LA Angels: Is Patrick Sandoval ready to be a full-time starter?
For much of the 2021 season, Shohei Ohtani has been the bedrock of the LA Angels starting rotation. Sure, Alex Cobb has started to heat up recently after stumbling out of the gate, but for the most part, the rest of the rotation has suffered some incredibly tough luck. As a result, it’s been inconsistent at best and downright awful at worst.
However, with the recent injury to struggling lefty Jose Quintana and the uncertainty of when he’ll return, fellow southpaw Patrick Sandoval has a chance to help get this rotation back on track. The question is, can he do it?
Patrick Sandoval has the potential to become an effective member of the LA Angels’ rotation.
Even before Quintana went on the IL, Sandoval arguably did his part already to earn a regular spot in the rotation.
Filling in for Cobb when he was injured, Sandoval made three solid starts in the month of May. The most recent of which came on May 27 against a formidable Oakland Athletics lineup. In what has so far been the pinnacle of his season, Sandoval fired five shutout innings at the Coliseum, lowering his season ERA to 3.80.
Much of this success can be attributed to a reworked pitching arsenal that now sees his changeup as his primary pitch. Historically his best pitch, Sandoval is now throwing it 35.5% of the time and is sporting an impressive 54.2% whiff rate on it. In a corresponding move, he’s using his lackluster four-seam fastball at its lowest rate ever (17.2%). In its place is his new sinker (26.2%) which, despite still being a below average pitch, is much more effective than his four-seamer.
Overall, Sandoval owns a 2.57 ERA as a starter this year, good for best on the team.
So it’s a done deal, match made in heaven, right? Sandoval is the second-best starter on the team and should be in the rotation moving forward.
Unfortunately, things aren’t so cut and dry.
You may recall that in years prior, Sandoval struggled immensely as a member of the rotation. Through nine starts in 2019, he owned a ghastly 5.24 ERA and 1.427 WHIP as opposing hitters had a .795 OPS against him. 2020 was even worse as these numbers cratered to a 6.75 ERA, 1.539 WHIP and an .868 opponents’ OPS in six starts.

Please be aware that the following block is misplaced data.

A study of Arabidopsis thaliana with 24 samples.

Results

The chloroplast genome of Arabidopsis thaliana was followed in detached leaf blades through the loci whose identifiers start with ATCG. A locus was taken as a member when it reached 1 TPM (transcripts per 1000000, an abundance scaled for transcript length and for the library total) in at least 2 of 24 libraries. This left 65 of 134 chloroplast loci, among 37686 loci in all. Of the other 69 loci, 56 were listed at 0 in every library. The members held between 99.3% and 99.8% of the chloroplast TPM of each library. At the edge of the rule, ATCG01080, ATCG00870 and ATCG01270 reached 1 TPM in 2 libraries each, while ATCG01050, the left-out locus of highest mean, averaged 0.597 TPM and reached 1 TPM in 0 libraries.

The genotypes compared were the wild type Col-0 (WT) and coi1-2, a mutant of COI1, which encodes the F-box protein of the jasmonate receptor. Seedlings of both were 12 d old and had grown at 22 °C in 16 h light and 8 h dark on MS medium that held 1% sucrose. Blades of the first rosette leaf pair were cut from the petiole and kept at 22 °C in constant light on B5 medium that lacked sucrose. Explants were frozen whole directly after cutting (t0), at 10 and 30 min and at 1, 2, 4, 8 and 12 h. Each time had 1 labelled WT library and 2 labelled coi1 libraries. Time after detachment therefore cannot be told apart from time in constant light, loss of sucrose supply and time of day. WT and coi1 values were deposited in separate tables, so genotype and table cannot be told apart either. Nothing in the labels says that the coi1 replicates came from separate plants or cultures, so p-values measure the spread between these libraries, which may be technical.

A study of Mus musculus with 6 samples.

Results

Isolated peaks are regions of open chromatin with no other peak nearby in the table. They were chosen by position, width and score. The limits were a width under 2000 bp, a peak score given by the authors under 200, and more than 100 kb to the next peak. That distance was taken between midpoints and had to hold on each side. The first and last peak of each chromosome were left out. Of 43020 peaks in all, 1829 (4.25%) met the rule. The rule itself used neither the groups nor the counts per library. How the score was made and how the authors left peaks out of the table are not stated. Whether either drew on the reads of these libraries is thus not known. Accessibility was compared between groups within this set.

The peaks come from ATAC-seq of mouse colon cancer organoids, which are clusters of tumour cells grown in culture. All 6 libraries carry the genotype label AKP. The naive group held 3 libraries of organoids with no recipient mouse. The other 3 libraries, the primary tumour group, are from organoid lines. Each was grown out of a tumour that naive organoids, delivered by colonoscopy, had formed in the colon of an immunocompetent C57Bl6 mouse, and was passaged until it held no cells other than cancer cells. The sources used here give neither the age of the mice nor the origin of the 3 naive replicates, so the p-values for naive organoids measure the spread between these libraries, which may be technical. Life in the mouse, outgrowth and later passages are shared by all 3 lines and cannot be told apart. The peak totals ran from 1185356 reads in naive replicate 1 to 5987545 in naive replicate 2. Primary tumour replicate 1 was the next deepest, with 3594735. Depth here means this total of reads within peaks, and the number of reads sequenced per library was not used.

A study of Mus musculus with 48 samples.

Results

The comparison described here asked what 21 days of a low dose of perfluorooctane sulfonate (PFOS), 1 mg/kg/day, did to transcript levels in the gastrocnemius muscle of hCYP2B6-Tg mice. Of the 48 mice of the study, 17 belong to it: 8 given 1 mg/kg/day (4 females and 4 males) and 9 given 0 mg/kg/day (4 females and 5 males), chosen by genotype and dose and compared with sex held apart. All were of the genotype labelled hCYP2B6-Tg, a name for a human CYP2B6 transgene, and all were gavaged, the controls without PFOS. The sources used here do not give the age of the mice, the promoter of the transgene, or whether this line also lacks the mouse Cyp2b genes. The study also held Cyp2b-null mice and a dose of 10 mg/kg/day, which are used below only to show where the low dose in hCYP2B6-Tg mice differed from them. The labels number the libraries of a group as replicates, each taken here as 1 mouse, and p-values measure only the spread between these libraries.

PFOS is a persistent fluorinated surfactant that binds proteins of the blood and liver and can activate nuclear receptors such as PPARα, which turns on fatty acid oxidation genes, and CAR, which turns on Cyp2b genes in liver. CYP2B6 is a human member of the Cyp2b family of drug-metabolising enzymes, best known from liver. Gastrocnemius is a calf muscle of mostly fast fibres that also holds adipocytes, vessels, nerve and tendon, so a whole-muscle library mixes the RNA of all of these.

This year, the only thing that’s substantially improved is Sandoval’s ERA. His WHIP as a starter is still a subpar 1.429, while hitters are still hammering him to the tune of a .785 OPS.
By all accounts, control issues and an all too frequent inability to locate the strike zone are still plaguing Sandoval even though he is managing to work around these problems better than in the past. Case in point, in his shutout against the Athletics, 34 of his 84 pitches were balls (40%), hence why he only lasted five innings.
More broadly, when looking at his career numbers as both a starter and reliever, the overall trend is a worrying one. Based on just the predictive metrics alone, Sandoval is seemingly due for an abrupt regression in the near future.
- 2019- 4.56 SIERA, 4.02 xFIP, 4.54 xERA
- 2020- 4.17 SIERA, 4.00 xFIP, 5.34 xERA
- 2021- 4.64 SIERA, 4.61 xFIP, 5.85 xERA
According to Baseball Savant, his xERA in particular is very troubling as it ranks in just the ninth percentile in all of baseball. Similarly, his .289 xBA and .478 xSLG rank in the seventh and 18th percentiles, respectively. In other words, Sandoval is giving up a dangerous amount of good, hard contact on a regular basis.
Still, despite these numbers, there is still a lot of hope that Sandoval can become an effective starter this year. Remember, the guy is only 24 years old and is still very much in the process of figuring things out. He hasn’t even made 20 starts in his career and has only made three in 2021.
With more consistent reps, coupled with further refinement of his updated pitch set, in time Sandoval may stake his claim as a valued member of the Halos pitching staff for the foreseeable future.